Top Historic Sights in Nørre Alslev, Denmark

Explore the historic highlights of Nørre Alslev

Kippinge Church

Kippinge Church is known for its rich Renaissance furnishings and its frescos from the mid-14th century. By 1338, the villages of Vester- and Østerkippinge had grown up on either side of the parish church, which remained on an isolated site in the countryside. In the Middle Ages, the church was dedicated to the Virgin Mary. At the beginning of the 16th century, the Crown had calling rights for the appointment of cl ...
Founded: c. 1300 | Location: Nørre Alslev, Denmark

Nørre Alslev Church

Nørre Alslev Church dates from at least 1308, a date found on its early frescos. Built in the Early Gothic style and painted pink according to local tradition, it is best known for its fresco of the death dance. In the Middle Ages, the church was dedicated to St Nicholas. The Early Gothic chancel and nave are built of brick on a 60 cm high sloping foundation. The chancel, with a three-sided end, has a stepped friez ...
Founded: c. 1308 | Location: Nørre Alslev, Denmark

Brarup Church

Brarup Church is an annex to Kippinge Church as it has been since before the Reformation. There is little information about ownership in the Middle Ages apart from the fact that the Crown had calling rights for the appointment of clergy. In 1585, the church owned factories and land strips on three farms. After the Reformation, the church was owned by the Crown until it was auctioned into private ownership in 1767 but by 1 ...
Founded: c. 1200 | Location: Nørre Alslev, Denmark

Gundslev Church

Gundslev Church situated 1 km from the town Gundslev, because the village was moved in the 14th century. The church was founded pribably in the 12th century. It has a neat and harmonious appearance, and is constructed of red brick. The interior contains some early frecoes, dating probably from around 1300. They include depictions of the twelve apostles, in good condition, perhaps because they are likely to have offended P ...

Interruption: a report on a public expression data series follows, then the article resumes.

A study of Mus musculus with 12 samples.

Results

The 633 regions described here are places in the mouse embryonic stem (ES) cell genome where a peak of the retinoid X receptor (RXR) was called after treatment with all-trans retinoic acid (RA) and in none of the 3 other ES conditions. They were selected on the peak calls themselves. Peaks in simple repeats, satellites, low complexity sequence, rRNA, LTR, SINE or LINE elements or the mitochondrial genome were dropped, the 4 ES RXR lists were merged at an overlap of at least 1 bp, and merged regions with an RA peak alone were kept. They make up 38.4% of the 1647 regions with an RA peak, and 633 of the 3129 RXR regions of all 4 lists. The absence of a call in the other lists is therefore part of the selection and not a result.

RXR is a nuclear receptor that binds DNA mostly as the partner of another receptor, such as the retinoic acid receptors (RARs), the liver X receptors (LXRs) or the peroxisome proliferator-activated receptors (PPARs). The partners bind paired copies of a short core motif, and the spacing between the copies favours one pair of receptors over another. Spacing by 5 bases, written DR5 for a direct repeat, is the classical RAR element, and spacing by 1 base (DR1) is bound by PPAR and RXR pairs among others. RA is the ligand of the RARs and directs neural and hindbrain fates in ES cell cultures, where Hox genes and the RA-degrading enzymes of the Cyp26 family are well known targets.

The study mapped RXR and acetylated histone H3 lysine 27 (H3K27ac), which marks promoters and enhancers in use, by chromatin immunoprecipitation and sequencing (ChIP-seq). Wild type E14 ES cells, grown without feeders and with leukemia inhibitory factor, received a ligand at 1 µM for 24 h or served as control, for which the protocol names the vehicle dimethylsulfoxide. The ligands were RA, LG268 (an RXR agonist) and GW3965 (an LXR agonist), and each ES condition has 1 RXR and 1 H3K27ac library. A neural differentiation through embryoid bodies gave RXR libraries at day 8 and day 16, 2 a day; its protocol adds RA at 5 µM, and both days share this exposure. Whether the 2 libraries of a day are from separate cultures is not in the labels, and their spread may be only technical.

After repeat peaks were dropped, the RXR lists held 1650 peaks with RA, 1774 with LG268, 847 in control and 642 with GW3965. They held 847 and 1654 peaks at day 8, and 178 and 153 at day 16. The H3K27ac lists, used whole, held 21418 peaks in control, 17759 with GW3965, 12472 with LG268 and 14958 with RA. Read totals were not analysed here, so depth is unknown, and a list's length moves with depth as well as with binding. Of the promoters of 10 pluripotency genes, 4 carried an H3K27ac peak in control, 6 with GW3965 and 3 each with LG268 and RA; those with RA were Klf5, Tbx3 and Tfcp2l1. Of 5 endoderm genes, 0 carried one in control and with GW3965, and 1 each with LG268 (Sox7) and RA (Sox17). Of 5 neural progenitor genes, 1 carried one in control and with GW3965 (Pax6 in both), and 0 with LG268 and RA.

Founded: c. 1100 | Location: Nørre Alslev, Denmark

Featured Historic Landmarks, Sites & Buildings

Historic Site of the week

Fisherman's Bastion

Fisherman's Bastion is a terrace in neo-Gothic and neo-Romanesque style situated on the Buda bank of the Danube, on the Castle hill in Budapest, around Matthias Church. It was designed and built between 1895 and 1902 on the plans of Frigyes Schulek. Construction of the bastion destabilised the foundations of the neighbouring 13th century Dominican Church which had to be pulled down. Between 1947–48, the son of Frigyes Schulek, János Schulek, conducted the other restoration project after its near destruction during World War II.

From the towers and the terrace a panoramic view exists of Danube, Margaret Island, Pest to the east and the Gellért Hill.

Its seven towers represent the seven Magyar tribes that settled in the Carpathian Basin in 896.

The Bastion takes its name from the guild of fishermen that was responsible for defending this stretch of the city walls in the Middle Ages. It is a viewing terrace, with many stairs and walking paths.

A bronze statue of Stephen I of Hungary mounted on a horse, erected in 1906, can be seen between the Bastion and the Matthias Church. The pedestal was made by Alajos Stróbl, based on the plans of Frigyes Schulek, in Neo-Romanesque style, with episodes illustrating the King's life.